A coalition of organisations including the Synod of Victoria and Tasmania’s Justice and International Mission (JIM) Unit today lodged a submission with a Parliamentary Inquiry into a Modern Slavery Act.
The submission co-authored by JIM’s Dr Mark Zirnsak makes a strong case for greater transparency about slavery-like conditions in Australian supply chains, an area that the UK Government has legislated since 2015.
“As Christians we believe that human beings are made in the image of God. To enslave another human is an outrageous attack on human dignity,” said Mr McMillan.
“I am delighted that we as a church are making the most of our partnerships across civil society to advocate for the common good.”
Dr Zirnsak says it’s important that Australia not be left behind as global efforts to eradicate slavery gather pace.
“Large corporations in the UK are now required to declare publicly the steps they have taken to ensure their supply chains are slavery-free,” said Dr Zirnsak.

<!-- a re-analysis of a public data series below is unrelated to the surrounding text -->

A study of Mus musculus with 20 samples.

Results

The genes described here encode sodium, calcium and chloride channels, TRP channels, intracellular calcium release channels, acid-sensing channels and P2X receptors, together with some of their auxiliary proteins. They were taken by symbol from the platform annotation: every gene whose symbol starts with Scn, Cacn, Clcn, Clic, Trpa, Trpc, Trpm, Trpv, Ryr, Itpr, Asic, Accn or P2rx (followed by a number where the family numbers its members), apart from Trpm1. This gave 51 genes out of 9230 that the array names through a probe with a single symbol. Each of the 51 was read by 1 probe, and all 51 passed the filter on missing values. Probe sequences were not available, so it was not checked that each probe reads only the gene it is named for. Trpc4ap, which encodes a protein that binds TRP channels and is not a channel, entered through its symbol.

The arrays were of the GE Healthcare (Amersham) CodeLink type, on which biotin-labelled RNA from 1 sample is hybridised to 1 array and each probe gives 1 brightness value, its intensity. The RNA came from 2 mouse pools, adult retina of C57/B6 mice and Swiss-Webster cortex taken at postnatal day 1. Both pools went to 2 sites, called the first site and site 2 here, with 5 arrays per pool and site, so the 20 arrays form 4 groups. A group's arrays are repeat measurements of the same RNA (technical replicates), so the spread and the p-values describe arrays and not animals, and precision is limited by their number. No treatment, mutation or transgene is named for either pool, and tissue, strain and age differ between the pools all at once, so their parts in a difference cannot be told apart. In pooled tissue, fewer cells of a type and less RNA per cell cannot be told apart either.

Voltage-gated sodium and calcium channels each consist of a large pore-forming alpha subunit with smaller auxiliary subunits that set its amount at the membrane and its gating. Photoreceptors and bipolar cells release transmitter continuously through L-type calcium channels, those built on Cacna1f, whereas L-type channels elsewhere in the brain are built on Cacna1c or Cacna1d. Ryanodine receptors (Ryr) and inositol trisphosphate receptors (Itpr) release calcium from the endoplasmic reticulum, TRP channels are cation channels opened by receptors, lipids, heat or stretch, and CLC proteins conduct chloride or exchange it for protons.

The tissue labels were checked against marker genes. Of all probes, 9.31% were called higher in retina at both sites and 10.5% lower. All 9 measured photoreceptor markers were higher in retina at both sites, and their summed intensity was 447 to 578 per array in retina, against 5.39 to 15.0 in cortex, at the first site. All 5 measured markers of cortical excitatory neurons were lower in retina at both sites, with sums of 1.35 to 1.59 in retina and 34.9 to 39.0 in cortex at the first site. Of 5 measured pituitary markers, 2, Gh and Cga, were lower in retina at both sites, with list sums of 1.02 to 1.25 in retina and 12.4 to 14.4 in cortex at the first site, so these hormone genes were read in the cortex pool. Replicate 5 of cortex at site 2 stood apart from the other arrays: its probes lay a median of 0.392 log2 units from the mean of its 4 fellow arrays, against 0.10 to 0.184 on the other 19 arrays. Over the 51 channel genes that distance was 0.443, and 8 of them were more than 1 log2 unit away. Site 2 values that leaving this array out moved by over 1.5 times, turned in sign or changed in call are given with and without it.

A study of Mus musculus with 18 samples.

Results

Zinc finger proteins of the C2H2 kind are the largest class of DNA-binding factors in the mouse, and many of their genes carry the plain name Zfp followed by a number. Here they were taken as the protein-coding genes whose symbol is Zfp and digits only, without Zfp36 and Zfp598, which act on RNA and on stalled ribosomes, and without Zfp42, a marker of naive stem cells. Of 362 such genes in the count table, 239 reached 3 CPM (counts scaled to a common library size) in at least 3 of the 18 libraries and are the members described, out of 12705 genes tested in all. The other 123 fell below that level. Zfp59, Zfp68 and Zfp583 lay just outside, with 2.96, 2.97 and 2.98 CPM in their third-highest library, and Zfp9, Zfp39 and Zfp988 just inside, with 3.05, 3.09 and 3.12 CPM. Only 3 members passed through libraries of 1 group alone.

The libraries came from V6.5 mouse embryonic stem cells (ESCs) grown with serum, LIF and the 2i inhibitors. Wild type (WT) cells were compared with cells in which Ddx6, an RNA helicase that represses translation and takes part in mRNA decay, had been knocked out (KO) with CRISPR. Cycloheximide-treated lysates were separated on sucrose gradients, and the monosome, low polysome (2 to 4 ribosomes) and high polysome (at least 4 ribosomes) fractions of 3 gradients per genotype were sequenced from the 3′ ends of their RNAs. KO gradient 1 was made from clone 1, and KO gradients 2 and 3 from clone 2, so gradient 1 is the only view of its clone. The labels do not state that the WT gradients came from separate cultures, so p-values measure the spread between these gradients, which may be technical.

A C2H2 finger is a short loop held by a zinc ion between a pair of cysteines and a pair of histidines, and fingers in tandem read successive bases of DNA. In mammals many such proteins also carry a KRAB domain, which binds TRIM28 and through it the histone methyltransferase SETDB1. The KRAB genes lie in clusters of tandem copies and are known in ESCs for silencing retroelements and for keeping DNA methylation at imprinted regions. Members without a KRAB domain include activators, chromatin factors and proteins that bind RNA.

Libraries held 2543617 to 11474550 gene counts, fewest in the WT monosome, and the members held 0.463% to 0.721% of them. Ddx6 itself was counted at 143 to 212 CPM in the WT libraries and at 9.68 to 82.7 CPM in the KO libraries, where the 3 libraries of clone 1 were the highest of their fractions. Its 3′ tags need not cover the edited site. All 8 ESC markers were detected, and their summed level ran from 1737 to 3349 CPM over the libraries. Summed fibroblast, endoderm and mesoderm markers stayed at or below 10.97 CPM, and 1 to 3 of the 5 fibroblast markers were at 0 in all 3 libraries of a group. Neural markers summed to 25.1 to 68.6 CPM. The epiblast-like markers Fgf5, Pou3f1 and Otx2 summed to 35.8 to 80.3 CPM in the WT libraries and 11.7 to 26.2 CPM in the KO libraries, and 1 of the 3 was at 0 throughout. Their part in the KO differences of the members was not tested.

“The same expectation on Australian companies would raise consumer awareness, model good corporate behaviour and hopefully lead to reduction in exploitation, both here in Australia and in our region.
According to the estimates of the Global Slavery Index around 4300 individuals are held in modern slavery in Australia. Recent examples of migrant worker exploitation including debt bondage and deprivation of liberty that fall within the definition of modern slavery suggest the actual figure could well be higher.
“Ultimately the best measures to end modern slavery and human trafficking will empower the people working to be able to defend their own rights,” said Dr Zirnsak.
The UCA JIM Unit’s partners in the joint submission included the Salvation Army’s Freedom Partnership to End Modern Slavery, Australian Catholic Religious Against Trafficking in Humans and the Federation of Ethnic Community Councils in Australia.
President Stuart McMillan is also one of a number of Australian faith leaders who has supported a submission by the Australian Freedom Network.
The submissions will be made available on the Inquiry website once they’ve been approved for publication by members of Parliament’s Human Rights and Aid Sub-Committee.